Sep 1, 2017
by Kellen Watson, Daily Acts
One of the cornerstones of a well-planned garden is choosing plants for year-round blooms and seeds. Not only do new buds popping at unexpected times of year make each season more exciting for us at garden lovers, but they also provide critical habitat for wildlife at a time of year that can be food scarce for wild creatures. Because of our relatively mild climate, many of our pollinators and other wildlife don’t hibernate or migrate long distance and need to keep eating all winter to get enough calories to keep warm. Plus, like many of our other species, pest insects also stick out the winter so growing plants to attract beneficial insects in fall and winter can keep your pest insect populations down come gardening season.
One thing I like to do when planning a garden is put together a list of my favorite plants into a spreadsheet, and then highlight the months of the year that they bloom. If I see a big gap, when not much is blooming, I seek out a few good habitat plants that bloom at that time of year. It’s often September – December that are real blank spots.Robert Kourik and Damien McAnany have a great chart available for a $9.95 download, which lists bloom times for 191 insectary plants and the insects they attract.
California Aster (Symphyotrichum chilense): June – November – This pretty little purple flower blooms profusely from late summer until frost, and then dies back to the ground only to re-emerge in spring. Well-liked by our native moths and butterflies as a nectar source. Looks good with CA Fuschia.
California Dutchman’s Pipe (Aristolochia californica): January – April – This vine is the sole food source for the beautiful black and blue Pipevine Swallowtail butterfly. It sets very interesting pipe shaped flowers in late winter to early spring and likes to grow in partial shade and/or near moisture. Slow to get growing, but then really catches up at year 3. Be patient.
California Fuschia (Epilobium canum): August – October – This beauty is covered in red firecracker like flowers that are a hummingbird favorite. Can be found in low growing and taller varieties. Select Mattole and Everette’s Choice are personal favorite varieties.
Coyote Brush (Baccharis pilularis): September – January – This underappreciated native shrub is not super showy but is a great low maintenance, evergreen slope stabilizer. Provides cover for birds and you’ll see more native insects on this than just about anything else.
Giant Hyssop (Agastache spp.): July – November - Showy flowers and smells great! Dies back at frost, but will be a favorite while it’s out. Then you’ll get to forget and remember it again every year!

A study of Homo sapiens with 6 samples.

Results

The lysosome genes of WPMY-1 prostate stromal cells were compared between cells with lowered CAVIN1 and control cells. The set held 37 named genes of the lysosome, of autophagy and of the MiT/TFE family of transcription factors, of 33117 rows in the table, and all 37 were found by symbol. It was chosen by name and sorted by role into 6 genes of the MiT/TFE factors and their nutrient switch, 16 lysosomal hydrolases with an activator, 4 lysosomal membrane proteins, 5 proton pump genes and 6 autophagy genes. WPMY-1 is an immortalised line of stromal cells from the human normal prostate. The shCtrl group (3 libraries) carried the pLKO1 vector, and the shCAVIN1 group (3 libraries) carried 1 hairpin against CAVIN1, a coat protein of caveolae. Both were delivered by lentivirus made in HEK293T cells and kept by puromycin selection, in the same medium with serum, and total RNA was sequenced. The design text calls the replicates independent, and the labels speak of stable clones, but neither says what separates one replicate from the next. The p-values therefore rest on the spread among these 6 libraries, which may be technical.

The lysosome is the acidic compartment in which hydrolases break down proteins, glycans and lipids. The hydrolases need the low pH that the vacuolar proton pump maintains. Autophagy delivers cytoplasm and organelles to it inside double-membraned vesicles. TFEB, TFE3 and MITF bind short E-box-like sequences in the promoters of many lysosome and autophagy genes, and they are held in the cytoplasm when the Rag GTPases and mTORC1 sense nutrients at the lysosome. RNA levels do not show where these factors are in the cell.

Goldenrod (Solidago spp.): July – November – Several species are native to California and produce golden plumes of flowers that are fantastic for insects. Seeds are often eaten by birds too, so don’t deadhead them.
Manzanita (Arctostaphylus spp.): January – May – Gorgeous architectural red branches and evergreen leaves make this a great landscape anchor. Urn shaped flowers are favorites for insects and hummingbirds, and the berries are edible too. Be careful not to overwater.
Red Buckwheat (Eriogonum grande var. rubescens): April – October - Loves rocky soil and no care. Large, dark pink umbrella shaped flower heads are very popular with little native beneficial insects.
Rosemary (Rosemarinus officianalis): January - May - This classic Mediterranean herb smells great and is super popular with bees in the early part of the year.
Sage (Salvia spp.): May – December – Plant all the sages. Just all of them. They’re fantastic.
California Sycamore (Platanus racemosa): Very important habitat for all kinds of birds and butterflies. Likes to be near water (rain gardens, creeks, graywater) and does get big, but if you have the right space it’s gorgeous!
Coffeeberry (Rhamnus californica): This native shrub is an exceptional pollinator plant in the spring, and then birds go nuts for the berries! Evergreen and pretty in the landscape.
Deer Grass (Muhlenbergia rigens): The seed heads on this native grass are a nice fatty winter food source.
Elderberry (Sambucus mexicana): An adaptable native tree that grows along creeks in the wild. One of the best habitat plants, and the berries and flowers can be made into medicinal syrups, tinctures, and wines.
Toyon (Heteromeles arbutifolia): The pretty red berries on this native shrub are one of the best mid-winter food sources for birds. Evergreen and adaptable.